Oppo's X 2021 prototype shows that rollable phones have potential

Richard Lai
·Senior Editor; Engadget Chinese Editor in Chief
·3-min read

Even though TCL, Oppo and LG have been teasing the rollable phone form factor for some time now, none of them have launched one just yet. The next best thing for now is Oppo's working prototype, three of which arrived in Hong Kong recently, so naturally, we went to take a closer look at this rare device.

The idea of the Oppo X 2021 is to let you switch between a conventional 6.7-inch screen and a mini-tablet-like 7.4-inch screen, with the former offering better portability, and the latter a better experience for videos, reading, gaming and multi-tasking. This is achieved by rolling part of the flexible OLED panel into the back of the phone, which supposedly avoids the creasing issue we've seen on foldables.

The screen rolling is toggled via the power button: a double click or swipe-up extends the screen, and another double click or swipe-down retracts it. This sliding movement is powered by two motors, which push and pull the two halves of the body. The flexible panel is fixed to the right side, before entering a gap on the left and tucked around a roller with a 6.8mm diameter.

Oppo X 2021
Oppo X 2021

As I literally poked around the flexible screen, I was impressed by how tough it felt. This was partly thanks to the "2-in-1 plate" comb-like sliding structure underneath, which provided a rigid structure in both phone mode and tablet mode. In addition, the OLED panel itself is reinforced by a thin caterpillar track laminate consisting of steel parts, which apparently improved the overall strength while still keeping it flexible.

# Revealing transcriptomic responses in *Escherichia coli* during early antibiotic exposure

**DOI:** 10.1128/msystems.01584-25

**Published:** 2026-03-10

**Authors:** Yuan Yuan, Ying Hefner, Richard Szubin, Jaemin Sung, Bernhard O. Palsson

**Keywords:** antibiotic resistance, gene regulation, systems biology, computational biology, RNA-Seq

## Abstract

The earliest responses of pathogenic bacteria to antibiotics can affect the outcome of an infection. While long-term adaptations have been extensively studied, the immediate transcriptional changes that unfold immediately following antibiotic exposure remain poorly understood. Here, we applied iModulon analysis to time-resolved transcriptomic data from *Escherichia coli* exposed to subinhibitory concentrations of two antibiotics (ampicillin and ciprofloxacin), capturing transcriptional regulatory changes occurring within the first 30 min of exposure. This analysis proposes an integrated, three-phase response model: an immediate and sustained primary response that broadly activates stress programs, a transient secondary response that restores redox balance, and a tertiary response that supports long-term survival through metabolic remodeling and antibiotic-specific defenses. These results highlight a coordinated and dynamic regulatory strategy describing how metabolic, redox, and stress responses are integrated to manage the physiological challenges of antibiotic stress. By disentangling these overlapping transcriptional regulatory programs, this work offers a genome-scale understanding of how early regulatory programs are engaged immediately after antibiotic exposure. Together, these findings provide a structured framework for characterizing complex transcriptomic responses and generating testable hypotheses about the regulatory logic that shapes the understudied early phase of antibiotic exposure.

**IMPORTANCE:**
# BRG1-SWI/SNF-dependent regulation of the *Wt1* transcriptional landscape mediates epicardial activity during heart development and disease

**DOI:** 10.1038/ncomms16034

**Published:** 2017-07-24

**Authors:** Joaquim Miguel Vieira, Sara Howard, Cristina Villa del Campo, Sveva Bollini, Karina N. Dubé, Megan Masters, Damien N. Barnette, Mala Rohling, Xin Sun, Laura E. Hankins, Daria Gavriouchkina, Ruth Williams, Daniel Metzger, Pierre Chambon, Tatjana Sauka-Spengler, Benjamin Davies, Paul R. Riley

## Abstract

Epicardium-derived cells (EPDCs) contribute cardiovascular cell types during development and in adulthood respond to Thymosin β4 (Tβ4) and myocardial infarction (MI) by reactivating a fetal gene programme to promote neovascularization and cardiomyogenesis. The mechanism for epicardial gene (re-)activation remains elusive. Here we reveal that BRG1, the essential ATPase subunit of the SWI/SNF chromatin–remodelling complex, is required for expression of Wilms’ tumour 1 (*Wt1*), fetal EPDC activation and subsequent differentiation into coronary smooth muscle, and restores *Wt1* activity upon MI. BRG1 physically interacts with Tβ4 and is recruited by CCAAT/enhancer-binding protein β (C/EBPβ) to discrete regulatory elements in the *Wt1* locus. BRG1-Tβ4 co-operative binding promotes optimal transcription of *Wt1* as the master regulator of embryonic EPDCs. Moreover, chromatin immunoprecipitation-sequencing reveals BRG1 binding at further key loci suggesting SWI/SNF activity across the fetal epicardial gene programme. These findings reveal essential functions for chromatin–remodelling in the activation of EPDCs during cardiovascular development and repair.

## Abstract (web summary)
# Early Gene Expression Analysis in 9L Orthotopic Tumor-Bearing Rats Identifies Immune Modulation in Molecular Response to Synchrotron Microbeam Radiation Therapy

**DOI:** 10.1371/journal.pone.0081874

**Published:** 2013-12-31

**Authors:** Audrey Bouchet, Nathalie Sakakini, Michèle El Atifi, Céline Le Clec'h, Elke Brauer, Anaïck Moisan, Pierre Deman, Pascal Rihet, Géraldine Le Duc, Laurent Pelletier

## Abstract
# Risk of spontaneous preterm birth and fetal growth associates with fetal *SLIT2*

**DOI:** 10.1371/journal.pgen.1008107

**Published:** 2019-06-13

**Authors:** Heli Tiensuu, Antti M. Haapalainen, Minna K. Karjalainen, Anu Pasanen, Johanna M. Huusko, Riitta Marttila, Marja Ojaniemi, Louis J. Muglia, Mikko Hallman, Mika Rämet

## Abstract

As a concept device, the Oppo X 2021 was surprisingly usable — at least the weight and thickness were within my acceptable range, as both were similar to those of my LG Wing. Within the limited time I had, I got to try Chrome, YouTube and Instagram on the unit (I had to side-load Google Play), all of which were able to dynamically resize in response to the screen movement.

That said, this phone was missing a couple of essential features: volume keys and selfie camera. Chances are Oppo left those out to help speed up development, and it'd most likely add those back before launching the device, if it ever does.

Oppo X 2021
Oppo X 2021

I noticed two small issues on the screen, too. Firstly, when expanded, I could see a light crease along where the panel was usually wrapped around the roller, and this happened to all three prototypes in Hong Kong. Still, those were way more subtle than the creases I've seen on foldable phones.

Another problem was to do with dust. Given that there was a gap on the left to conceal the rest of the flexible panel, it was inevitable that I would occasionally see a line of dust whenever I expanded the phone (and I would have to resist the temptation to wipe it off with my finger). Hopefully Oppo and other manufacturers will find a way to mitigate this issue, though it does seem like dustproofing and waterproofing will be impossible on rollable phones.

An LG Wing next to an Oppo X 2021.
An LG Wing next to an Oppo X 2021.

Despite the Oppo X 2021's second public appearance last month, the company still doesn't plan on mass-producing it. But as far as proof of concept goes, the rollable phone future is looking promising, save for the small kinks here and there.

Unless TCL can finally show us a working demo, this leaves us with the LG Rollable being the only smartphone in this form factor (for now) to look forward to — sometime in 2021, according to the company's CES announcement. That said, it's uncertain whether LG's mobile business will actually manage to launch this phone, given the many challenges it's facing. Here's hoping we'll hear an update within the next months.